Background/Purpose The NCATE/NASPE (2008) Initial Teacher Standards for Physical Education highlight the significance of teacher candidate dispositions. According to Ryle (1949), dispositions are indicators of how someone will perform based on observation of behavior. The purpose of the study was to determine the relationship between physical education teacher candidates' affective dispositions assessed during an outdoor education course and their teaching performance assessed during student teaching.
Method Secondary data from a teacher preparation program was used in this study. Matching data for 142 students was extrapolated from program records. Dispositions were related to leadership, followership, respect, initiative, problem analysis, communication, professional bearing, and environmental ethics. Each teacher candidate's performance was evaluated with the Student Teacher Evaluation (STE), which incorporates the Interstate New Teacher Assessment and Support Consortium (INTASC) principles and Learning Outcomes.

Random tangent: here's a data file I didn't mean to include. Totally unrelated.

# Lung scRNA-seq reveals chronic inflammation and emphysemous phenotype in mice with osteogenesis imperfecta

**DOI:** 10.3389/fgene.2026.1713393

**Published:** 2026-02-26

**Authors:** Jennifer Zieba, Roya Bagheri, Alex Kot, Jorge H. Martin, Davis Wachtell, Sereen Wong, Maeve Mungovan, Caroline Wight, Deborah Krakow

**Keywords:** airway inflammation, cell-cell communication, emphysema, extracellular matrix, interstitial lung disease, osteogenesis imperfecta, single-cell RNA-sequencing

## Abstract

Analysis/Results A pairwise correlation matrix was employed to investigate the relationships between affective disposition in an outdoor education program and components of student teaching performance. The results indicate a poor relationship between the affective dispositions and components of student teaching performance with correlation coefficients ranging from r=.01 to r=.20.
Conclusions A lack of predictive relationship between these two experiences may indicate that student teaching is unique in the teacher preparation process.